France's Hollande: Central African Republic troubles could spill over
PRETORIA (Reuters) - French President Francois Hollande said on Monday the collapse of the Central African Republic could destabilize the region, as he sought to drum up support for increased military intervention while on a state visit to South Africa.
France committed on Sunday to increasing the number of troops in its former colony by year-end, under a U.N. resolution, to help prevent the state spiraling out of control with the risk the power vacuum could encourage militancy.
The Central African Republic has descended into chaos since mostly Muslim Seleka rebels ousted President Francois Bozize in March, the latest coup in the poor but mineral-rich country.
"There is a political emergency because there is no state," Hollande said as he addressed reporters in Pretoria alongside South African President Jacob Zuma.
"There is also an emergency at a regional level because there is a risk of spillover. We might witness religious conflict," he said, in comments translated from French.
There have already been sectarian clashes in the conflict that has driven more than 400,000 people from their homes, fleeing violence including murder and rape.
France has about 400 troops in the capital, Bangui, and sources have told Reuters their numbers could be increased to around 750.
However, Paris is reluctant to be left to deal with another African hotspot after it felt allies such as the United States were hesitant to help it halt a rebel advance by al Qaeda-linked insurgents in Mali earlier this year.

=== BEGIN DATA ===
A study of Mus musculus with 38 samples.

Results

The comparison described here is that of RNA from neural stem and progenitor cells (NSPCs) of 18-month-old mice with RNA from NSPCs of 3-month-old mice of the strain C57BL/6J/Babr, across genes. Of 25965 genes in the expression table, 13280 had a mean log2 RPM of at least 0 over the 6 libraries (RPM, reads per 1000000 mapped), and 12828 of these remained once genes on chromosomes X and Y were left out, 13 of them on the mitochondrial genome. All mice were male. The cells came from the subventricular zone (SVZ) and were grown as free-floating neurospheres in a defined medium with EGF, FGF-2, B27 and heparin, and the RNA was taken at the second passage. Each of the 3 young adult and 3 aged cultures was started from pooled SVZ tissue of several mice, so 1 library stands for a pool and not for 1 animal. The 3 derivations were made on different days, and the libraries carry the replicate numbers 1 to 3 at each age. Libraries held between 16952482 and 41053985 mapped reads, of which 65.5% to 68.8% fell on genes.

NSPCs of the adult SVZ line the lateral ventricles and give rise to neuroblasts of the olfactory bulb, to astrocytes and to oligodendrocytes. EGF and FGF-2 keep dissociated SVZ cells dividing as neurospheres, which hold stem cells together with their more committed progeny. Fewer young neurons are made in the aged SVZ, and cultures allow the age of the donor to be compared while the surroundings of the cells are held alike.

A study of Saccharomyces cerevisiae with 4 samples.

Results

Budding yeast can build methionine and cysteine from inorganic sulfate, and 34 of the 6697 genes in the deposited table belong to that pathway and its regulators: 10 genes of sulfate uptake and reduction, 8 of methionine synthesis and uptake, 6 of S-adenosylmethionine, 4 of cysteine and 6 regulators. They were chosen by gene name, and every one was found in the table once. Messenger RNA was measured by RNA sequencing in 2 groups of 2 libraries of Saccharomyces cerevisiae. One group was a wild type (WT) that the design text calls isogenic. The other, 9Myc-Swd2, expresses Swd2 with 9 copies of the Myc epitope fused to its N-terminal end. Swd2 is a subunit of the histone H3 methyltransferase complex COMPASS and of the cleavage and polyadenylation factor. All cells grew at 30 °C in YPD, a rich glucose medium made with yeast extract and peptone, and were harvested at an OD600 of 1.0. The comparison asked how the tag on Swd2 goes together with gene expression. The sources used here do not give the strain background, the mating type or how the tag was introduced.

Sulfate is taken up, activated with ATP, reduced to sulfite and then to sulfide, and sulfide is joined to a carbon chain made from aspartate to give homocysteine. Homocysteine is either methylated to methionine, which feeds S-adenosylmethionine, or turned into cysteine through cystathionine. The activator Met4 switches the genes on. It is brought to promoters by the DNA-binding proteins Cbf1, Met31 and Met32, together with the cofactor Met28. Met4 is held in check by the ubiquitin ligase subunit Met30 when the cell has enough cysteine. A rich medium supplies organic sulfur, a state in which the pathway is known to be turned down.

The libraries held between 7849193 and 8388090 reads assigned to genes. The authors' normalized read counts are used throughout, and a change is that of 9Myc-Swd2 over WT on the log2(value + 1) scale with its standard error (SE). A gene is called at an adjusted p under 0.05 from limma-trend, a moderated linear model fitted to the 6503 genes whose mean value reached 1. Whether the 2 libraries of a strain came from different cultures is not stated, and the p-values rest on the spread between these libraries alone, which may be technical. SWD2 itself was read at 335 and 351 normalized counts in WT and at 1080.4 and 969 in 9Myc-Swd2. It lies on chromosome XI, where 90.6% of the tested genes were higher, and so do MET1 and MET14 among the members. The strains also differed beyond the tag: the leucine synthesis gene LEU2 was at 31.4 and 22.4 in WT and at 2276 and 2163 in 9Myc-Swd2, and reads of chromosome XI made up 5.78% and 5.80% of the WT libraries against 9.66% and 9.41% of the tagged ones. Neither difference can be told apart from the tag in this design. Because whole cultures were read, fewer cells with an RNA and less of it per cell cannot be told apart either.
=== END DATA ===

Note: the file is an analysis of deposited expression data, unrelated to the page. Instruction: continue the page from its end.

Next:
The Central African Republic is geographically at the center of what some strategists have called an "arc of insecurity" of Islamist fighters that cuts from Kenya and Somalia in east Africa across to Mauritania in the west.
Hollande said there was need for African governments to develop a standby force to deal with conflicts as they arise.
The African Union has deployed about 2,500 troops. But its resources are limited, prompting Paris to seek a U.N. Security Council mandate that would turn the operation into a U.N. peacekeeping force ultimately supported by French troops.
Foreign Minister Laurent Fabius, who visited Bangui on Sunday, said the U.N. resolution was expected around December.
While South Africa's Zuma said he agreed intervention was needed, he stopped short of saying Pretoria would send more troops.
Pretoria's involvement in the Central African Republic is a sensitive issue after South Africa lost 14 soldiers in March clashes with rebels near Bangui, with the incident being seen as one of the major foreign policy blunders of Zuma's government.